Motifs are recurring structures, contrasts, or literary devices that can help to develop and inform the text’s major themes.
Though Maya struggles with insecurity and displacement throughout her childhood, she has a remarkable number of strong female role models in her family and community. Momma, Vivian, Grandmother Baxter, and Bertha Flowers have very different personalities and views on life, but they all chart their own paths and manage to maintain their dignity and self-respect. None of them ever capitulates to racist indignities.
Maya also charts her own path, fighting to become the first black streetcar conductor in San Francisco, and she does so with the support and encouragement of her female predecessors. Maya notes at the end of Chapter 34 that the towering character of the black American woman should be seen as the predictable outcome of a hard-fought struggle. Many black women fall along the way. The ones who can weather the storm of sexism and racism obviously will shine with greatness. They have survived, and therefore by definition they are survivors.
Maya’s first love is William Shakespeare. Throughout her life, literature plays a significant role in bolstering her confidence and providing a world of fantasy and escape. When feeling isolated in St. Louis, she takes refuge in the library. She describes Mrs. Bertha Flowers as being like women in English novels. Mrs. Flowers helps Maya rediscover her voice after her rape by encouraging her to use the words of other writers and poets. Maya continually quotes and refers to the literature she read throughout her childhood. For instance, at one point she simply gives San Francisco the title “Pride and Prejudice” without referring specifically to Jane Austen’s novel of the same name. Bailey appreciates Maya’s love of literature. He often presents her with gifts, such as the book of Edgar Allen Poe’s work that he and Maya read aloud while walking in their backyard in Stamps.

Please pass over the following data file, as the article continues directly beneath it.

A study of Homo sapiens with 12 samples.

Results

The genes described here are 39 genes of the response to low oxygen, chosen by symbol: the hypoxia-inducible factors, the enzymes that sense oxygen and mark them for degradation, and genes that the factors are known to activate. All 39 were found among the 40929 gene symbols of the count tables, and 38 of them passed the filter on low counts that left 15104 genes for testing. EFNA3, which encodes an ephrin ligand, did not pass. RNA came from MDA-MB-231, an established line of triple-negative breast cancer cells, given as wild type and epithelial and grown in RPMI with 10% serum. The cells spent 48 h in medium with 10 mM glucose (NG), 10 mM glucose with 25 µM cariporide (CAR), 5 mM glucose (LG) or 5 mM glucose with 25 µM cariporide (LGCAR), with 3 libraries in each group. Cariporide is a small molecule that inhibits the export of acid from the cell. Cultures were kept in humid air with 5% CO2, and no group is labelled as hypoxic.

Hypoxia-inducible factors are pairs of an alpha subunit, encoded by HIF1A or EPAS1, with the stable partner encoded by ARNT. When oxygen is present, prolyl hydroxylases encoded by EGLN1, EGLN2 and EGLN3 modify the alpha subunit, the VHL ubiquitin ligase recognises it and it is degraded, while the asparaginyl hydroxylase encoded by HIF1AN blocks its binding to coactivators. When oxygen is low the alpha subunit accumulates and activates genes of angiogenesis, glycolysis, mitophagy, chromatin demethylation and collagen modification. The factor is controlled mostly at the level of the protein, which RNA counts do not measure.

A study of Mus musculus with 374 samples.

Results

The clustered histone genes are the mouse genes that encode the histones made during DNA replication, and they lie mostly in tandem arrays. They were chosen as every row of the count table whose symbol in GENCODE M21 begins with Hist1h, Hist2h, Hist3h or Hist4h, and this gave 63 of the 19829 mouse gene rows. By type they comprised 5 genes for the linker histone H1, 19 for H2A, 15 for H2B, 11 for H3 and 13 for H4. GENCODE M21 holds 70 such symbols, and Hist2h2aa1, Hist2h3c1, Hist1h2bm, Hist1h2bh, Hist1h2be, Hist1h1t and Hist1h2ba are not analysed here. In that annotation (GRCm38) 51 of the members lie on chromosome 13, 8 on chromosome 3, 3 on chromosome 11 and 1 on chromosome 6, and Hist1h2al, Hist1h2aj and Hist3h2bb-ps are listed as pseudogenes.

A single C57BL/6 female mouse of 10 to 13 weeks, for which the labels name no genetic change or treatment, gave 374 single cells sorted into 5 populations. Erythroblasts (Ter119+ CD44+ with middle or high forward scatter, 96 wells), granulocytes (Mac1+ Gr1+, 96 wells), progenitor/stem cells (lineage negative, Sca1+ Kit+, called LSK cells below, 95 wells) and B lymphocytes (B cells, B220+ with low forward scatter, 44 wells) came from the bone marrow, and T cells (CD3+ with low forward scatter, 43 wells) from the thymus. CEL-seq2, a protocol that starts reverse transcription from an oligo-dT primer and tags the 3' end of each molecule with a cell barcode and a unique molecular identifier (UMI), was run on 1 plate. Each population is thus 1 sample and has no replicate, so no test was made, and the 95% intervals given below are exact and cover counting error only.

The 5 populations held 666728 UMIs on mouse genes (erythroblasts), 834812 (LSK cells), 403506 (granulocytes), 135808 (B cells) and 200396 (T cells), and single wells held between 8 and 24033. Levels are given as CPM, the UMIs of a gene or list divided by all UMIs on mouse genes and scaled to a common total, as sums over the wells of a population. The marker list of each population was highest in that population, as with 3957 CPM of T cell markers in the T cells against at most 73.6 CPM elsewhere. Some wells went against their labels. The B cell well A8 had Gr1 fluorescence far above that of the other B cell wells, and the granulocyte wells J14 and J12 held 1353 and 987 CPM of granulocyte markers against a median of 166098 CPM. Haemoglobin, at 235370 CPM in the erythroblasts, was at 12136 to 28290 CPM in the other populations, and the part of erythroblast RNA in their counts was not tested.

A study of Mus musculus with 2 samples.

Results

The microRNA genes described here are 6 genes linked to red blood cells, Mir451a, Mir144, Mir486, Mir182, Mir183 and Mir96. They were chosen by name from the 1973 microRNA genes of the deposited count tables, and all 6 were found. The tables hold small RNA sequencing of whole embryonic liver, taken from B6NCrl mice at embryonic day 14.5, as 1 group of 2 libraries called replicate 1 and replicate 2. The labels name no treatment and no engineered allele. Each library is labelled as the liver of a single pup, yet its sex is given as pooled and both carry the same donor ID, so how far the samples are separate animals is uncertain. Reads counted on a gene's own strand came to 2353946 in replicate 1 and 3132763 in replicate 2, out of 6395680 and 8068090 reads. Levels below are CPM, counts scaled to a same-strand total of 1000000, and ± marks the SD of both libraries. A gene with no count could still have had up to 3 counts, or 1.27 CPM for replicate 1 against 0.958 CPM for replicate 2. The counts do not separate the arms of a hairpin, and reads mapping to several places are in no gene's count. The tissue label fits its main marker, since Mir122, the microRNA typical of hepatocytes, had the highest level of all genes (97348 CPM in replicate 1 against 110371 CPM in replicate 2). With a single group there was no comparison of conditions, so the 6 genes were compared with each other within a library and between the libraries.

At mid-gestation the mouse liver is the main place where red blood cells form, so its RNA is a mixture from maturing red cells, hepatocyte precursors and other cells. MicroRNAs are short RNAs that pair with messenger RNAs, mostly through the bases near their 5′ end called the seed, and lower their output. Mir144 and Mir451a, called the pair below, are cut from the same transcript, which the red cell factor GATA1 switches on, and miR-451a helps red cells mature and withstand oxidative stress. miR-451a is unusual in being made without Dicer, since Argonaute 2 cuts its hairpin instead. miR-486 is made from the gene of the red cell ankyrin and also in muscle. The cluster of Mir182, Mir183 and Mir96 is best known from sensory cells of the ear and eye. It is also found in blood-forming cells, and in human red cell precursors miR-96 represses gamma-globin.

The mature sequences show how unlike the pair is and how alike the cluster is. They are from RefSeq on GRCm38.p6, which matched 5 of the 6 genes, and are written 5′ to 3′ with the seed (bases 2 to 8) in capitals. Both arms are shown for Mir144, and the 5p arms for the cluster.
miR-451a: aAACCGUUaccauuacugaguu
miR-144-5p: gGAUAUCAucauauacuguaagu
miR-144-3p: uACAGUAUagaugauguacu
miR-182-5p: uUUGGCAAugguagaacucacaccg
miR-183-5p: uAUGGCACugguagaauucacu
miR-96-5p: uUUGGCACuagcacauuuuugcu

Maya’s real name is Marguerite, and most of her family members call her Ritie. The fact that she chooses to go by Maya as an adult, a name given to her by her brother, Bailey, indicates the depth of love and admiration she holds for him. When Maya reunites with her mother and her mother’s family in St. Louis at age eight, one of her uncles tells her the story of how she got this name. Thus, finding her family is connected with finding her name and her identity. Indeed, for African Americans in general, Maya notes, naming is a sensitive issue because it provides a sense of identity in a hostile world that aims to stereotype blacks and erase their individuality and identity. Consequently, given the predominance of pejoratives like nigger so often used to cut down blacks, Maya notes the danger associated with calling a black person anything that could be loosely interpreted as insulting. Besides the obvious fact that Mrs. Cullinan does not take the time to get Maya’s name right in the first place, Mrs. Cullinan wishes to manipulate Maya’s name for her own convenience, shortening it to Mary, illustrating that she cares very little about Maya’s wishes or identity. Maya becomes enraged, and the incident inspires her to commit her first act of resistance.